WannaCry's Decryptor interface – Image shows WannaCry providing two methods of communication with the attackers: the “Contact Us” link and the “Check Payment” button on the main decryptor interface (Source: McAfee)

An extensive analysis of WannaCry seems to indicate attackers would be unable to determine which users have paid the ransom and they cannot decrypt on a per-user basis. In other words, those behind the campaign would not (or could not) decrypt victims’ data once they received payment. The research team from McAfee that conducted the analysis finds the flaw to be somewhat puzzling given the WannaCry campaign's incredibly effective propagation techniques, reasonable key and data management, and a working anonymous communication fabric with Bitcoin payments.

Odd negligence: "The WannaCry authors demonstrated good technical governance, for example, the key handling, buffer sanitization, and private key security on disk using a strongly encrypted format. It is odd that with such good governance, the same group neglected to include something as essential as a unique ID for a user (or instance of attack) because this is mandatory to decrypt a specific user’s files. While much of the initial analysis described the WannaCry campaign as 'shoddy,' the use of good technical governance suggests that there are elements of this campaign that are well implemented."

Shoddy campaign: "This competence raises doubts that the campaign was shoddy. Given the level of capability demonstrated, we would expect the developers would have found and fixed basic errors. Indeed, could the inclusion of these basic errors be an attempt to make the campaign appear amateur? Without apprehending those behind the campaign, it is impossible to know their motivation; yet a thorough analysis of the technical artefacts questions the shoddy theory."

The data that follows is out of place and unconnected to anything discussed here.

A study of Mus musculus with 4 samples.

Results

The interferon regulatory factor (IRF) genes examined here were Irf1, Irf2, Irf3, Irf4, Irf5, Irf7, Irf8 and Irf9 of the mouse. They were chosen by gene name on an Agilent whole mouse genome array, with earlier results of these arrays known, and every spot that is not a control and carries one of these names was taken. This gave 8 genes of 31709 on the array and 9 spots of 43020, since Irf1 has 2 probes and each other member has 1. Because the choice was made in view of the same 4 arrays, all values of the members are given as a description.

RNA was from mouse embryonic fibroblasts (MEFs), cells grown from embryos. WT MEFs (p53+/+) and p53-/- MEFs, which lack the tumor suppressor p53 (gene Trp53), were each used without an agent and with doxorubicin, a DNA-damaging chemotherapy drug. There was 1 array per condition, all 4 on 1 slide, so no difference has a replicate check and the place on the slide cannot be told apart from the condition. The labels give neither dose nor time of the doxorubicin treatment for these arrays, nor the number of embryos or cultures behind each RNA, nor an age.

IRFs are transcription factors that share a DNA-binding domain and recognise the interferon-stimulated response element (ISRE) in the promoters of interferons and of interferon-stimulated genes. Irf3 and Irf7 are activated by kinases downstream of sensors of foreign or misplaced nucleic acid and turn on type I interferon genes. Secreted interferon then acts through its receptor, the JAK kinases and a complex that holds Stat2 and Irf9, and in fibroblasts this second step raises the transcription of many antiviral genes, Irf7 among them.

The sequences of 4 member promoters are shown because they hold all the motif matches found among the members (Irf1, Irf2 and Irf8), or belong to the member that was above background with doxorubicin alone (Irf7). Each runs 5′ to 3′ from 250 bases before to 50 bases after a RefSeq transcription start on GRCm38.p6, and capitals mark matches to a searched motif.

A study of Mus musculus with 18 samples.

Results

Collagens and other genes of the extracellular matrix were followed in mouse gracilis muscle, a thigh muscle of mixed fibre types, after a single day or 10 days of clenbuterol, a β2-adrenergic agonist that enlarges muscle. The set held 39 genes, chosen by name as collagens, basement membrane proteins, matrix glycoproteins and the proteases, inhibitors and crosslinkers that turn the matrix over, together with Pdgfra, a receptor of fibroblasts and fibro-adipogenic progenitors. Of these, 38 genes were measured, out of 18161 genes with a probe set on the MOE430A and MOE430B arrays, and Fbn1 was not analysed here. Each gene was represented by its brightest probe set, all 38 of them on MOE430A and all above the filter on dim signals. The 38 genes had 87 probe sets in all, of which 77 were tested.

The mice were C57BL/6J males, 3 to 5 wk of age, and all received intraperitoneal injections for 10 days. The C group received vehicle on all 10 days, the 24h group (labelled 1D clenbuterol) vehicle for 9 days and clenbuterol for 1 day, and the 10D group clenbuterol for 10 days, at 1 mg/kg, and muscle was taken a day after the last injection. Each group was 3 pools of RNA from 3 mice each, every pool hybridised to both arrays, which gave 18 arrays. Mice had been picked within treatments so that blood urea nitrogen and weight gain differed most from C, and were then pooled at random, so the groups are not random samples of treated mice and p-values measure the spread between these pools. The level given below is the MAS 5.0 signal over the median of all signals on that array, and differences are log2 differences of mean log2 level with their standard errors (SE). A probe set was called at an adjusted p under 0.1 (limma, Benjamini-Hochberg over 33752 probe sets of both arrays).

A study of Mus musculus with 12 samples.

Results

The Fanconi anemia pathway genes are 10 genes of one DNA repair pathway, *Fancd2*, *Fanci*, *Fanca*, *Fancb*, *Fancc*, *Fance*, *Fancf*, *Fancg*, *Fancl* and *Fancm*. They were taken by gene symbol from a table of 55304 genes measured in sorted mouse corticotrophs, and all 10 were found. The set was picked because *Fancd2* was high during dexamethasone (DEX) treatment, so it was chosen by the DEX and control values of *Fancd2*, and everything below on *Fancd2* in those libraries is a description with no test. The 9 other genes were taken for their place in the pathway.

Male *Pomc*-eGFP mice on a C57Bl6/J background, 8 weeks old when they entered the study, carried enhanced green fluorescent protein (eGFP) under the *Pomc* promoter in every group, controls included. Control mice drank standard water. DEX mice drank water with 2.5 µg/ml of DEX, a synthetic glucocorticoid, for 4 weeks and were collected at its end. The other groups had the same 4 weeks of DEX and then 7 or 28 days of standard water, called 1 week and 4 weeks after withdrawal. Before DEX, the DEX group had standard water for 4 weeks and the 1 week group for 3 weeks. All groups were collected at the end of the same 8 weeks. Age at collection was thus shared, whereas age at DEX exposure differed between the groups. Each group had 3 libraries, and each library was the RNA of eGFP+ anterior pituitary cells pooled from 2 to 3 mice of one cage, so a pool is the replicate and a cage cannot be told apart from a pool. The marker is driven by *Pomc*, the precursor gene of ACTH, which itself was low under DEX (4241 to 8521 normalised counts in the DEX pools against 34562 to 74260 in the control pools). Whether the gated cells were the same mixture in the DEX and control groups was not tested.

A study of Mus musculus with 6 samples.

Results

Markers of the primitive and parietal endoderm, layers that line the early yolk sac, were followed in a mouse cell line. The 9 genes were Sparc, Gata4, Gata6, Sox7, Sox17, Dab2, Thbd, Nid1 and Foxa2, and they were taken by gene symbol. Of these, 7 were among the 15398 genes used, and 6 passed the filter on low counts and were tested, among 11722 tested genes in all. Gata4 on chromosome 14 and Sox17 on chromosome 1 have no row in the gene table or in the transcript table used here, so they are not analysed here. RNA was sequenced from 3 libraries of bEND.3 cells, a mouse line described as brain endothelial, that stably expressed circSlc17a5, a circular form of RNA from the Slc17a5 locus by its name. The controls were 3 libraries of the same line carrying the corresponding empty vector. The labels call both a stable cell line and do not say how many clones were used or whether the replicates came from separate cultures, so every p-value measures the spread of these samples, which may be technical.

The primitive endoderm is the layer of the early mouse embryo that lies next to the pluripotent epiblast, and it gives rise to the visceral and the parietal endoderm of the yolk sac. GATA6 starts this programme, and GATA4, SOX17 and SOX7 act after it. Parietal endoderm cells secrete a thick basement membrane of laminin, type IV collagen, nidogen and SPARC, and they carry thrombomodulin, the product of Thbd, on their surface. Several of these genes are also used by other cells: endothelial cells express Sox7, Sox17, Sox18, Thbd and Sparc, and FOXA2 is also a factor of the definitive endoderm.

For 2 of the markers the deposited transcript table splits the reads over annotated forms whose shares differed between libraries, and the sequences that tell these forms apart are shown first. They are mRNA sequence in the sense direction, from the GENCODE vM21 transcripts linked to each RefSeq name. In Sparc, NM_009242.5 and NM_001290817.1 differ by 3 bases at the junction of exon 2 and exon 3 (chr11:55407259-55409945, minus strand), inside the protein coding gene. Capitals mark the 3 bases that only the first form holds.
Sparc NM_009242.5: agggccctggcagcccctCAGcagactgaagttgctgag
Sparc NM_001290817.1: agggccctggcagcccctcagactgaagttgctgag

Related topics: Cyberattack, Cybersecurity, Malware

They are criminals seeking payment. Why would they care about the victims data after they were paid?

"Good guys" would care, but they ask would not author malware.

Let me add one more thing. So Charles Christopher  –  Jun 09, 2017 6:53 AM PST

Let me add one more thing. So let us ASSuME for a moment that the authors are "honest thieves" (by definition, no such thing exists), how then were they to decrypt the victim's hard drive and then, since they are "honest thieves" insure the malware does not again encrypt the same victim's drive after they pay? To do so would, by necessity, creates a "feature" which could be used to defeat the malware in the first place.

That is one give the malware the marker indicating the victim "is not to be victimized again", honest thieves indeed ...


Buying or Selling IPv4 Addresses?

Watch this video to discover how ACCELR/8, a transformative trading platform developed by industry veterans Marc Lindsey and Janine Goodman, enables organizations to buy or sell IPv4 blocks as small as /20s.